Scapegoat deputy was right to fight
Katharine Birbalsingh is a brave lady.
She's a deputy at St Michael and All Angels secondary in Camberwell, and she stood up at the Tory conference to describe how the education system is failing children, particularly in schools like hers. In her blog, she details how knife crime, violence and disaffection are part of her pupils' daily lives, both inside and outside school. She is a concerned, committed and hard-working teacher who simply wants to make things better for her pupils, but her outspoken speech was splashed all over the newspapers last weekend - and for speaking out, she was sent home temporarily from her job.
I have a particular interest in Miss Birbalsingh and St Michael's. Her school is just down the road from mine.
When I was appointed to Comber Grove 31 years ago, I was keen to forge links with local secondaries. St Michael's - or Archbishop Michael Ramsey, as it was then - was closest. It was a well-run, popular school at the time, and many of my parents chose it for their children. I arranged meetings with teachers who were keen to promote smooth primary to secondary transition, and for a couple of years my older classes visited for science and technology lessons, enjoying facilities we couldn't provide.
How quickly schools can change. Senior staff retired, and there were two rapid changes of headteacher, one of whom always seemed to be out of school. Behaviour rapidly disintegrated. I stopped sending classes there when my children were spat at from upper windows as they approached the building. Shortly afterwards, I was visited by the teacher I had worked so closely and successfully with. Her face was grey with worry. "I can't stand it any more," she said. "I shall have to leave."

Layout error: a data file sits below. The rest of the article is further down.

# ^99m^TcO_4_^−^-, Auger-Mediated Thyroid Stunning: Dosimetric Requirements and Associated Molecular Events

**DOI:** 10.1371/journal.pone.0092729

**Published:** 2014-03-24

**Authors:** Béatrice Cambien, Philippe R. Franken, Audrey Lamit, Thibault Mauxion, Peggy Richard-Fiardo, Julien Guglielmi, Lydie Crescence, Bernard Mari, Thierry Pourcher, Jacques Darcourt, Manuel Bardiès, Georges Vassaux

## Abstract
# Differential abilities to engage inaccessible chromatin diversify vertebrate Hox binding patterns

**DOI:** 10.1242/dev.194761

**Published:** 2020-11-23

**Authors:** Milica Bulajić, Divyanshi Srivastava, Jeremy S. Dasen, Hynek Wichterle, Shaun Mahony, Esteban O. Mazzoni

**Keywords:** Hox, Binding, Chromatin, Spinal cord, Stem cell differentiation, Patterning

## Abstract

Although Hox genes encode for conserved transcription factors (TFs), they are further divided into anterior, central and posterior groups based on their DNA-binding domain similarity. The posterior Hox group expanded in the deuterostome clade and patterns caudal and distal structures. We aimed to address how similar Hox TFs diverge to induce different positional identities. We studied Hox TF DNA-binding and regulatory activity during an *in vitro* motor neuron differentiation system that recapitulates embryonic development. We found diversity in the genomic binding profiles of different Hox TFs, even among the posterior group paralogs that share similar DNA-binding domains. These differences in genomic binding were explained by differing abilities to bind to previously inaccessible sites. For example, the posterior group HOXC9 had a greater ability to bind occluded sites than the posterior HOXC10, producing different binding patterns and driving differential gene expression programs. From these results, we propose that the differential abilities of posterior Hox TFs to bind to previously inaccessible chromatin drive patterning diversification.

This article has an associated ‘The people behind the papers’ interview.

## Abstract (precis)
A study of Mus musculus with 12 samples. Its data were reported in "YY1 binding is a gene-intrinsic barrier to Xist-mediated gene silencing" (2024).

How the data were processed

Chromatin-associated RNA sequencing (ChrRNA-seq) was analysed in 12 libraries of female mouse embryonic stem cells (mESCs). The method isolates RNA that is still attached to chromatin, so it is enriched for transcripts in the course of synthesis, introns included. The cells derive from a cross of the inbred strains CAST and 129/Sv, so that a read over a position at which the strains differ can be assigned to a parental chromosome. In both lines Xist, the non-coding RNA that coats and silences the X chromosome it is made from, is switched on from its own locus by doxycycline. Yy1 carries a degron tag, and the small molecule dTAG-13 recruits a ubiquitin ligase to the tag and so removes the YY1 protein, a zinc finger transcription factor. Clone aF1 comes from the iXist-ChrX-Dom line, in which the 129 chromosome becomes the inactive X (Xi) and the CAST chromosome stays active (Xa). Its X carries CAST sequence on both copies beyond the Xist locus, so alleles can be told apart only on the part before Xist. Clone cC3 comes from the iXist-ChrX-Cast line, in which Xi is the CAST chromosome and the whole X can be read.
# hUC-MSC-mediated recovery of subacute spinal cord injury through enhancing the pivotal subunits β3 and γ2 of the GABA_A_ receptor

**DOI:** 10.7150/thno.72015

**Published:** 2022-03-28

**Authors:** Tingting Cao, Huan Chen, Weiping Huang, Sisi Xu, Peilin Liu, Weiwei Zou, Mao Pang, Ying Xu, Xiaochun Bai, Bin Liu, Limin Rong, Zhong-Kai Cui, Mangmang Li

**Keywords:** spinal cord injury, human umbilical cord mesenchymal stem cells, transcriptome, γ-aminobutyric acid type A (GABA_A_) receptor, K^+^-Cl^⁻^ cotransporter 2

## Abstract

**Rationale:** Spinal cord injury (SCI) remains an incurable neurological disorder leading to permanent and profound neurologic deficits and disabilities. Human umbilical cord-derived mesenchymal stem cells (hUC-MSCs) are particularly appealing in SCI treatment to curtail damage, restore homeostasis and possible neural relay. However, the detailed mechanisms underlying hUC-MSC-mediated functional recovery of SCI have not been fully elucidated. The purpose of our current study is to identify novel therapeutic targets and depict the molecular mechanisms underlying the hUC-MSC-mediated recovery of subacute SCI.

I was reluctant to give up. A year later I helped pioneer a local authority transition project to help Year 7s settle quickly into local secondaries, and one of our meetings was in a room at Ramsey. The headteacher didn't appear, and nobody had any idea where she was. We could barely hear ourselves speak for the cacophony in the rooms around us. I don't know what was going on in those classrooms - I didn't want to look - but it certainly couldn't be called learning.
During the last 15 years, there have been constant changes of leadership at the school. It's hardly surprising. The building is ugly, the environment unwelcoming. To reach the entrance it is necessary to cross an acre of unkempt asphalt playground, surrounded by rusted metal fencing. The classrooms are dull and unenticing and the atmosphere tense. The last time I visited the school, it was to take one of my year groups to watch a pantomime. Before the show started, and because it is a CofE school, we were all invited to pray. What for, I wondered? Divine intervention?
In fairness, the local authority seems to have an insurmountable problem that just doesn't go away. Perhaps it won't, until we change the whole culture of secondary education and give older children the education they need. At the moment, the school has an executive headteacher drawn from another local school, a highly successful leader that I have much time for. But the school needs a totally committed top management team who are there all the time and who stay for years to see things through. That's asking a lot, but until it happens, my parents won't be choosing that school for their children.
Katharine Birbalsingh is right to make a fuss. It's hard, as I found when I challenged Ofsted, but the future of our children is worth fighting for, even if it means sticking your head over the parapet of indifference.
Mike Kent is headteacher at Comber Grove Primary in Camberwell, south London. Email: firstname.lastname@example.org.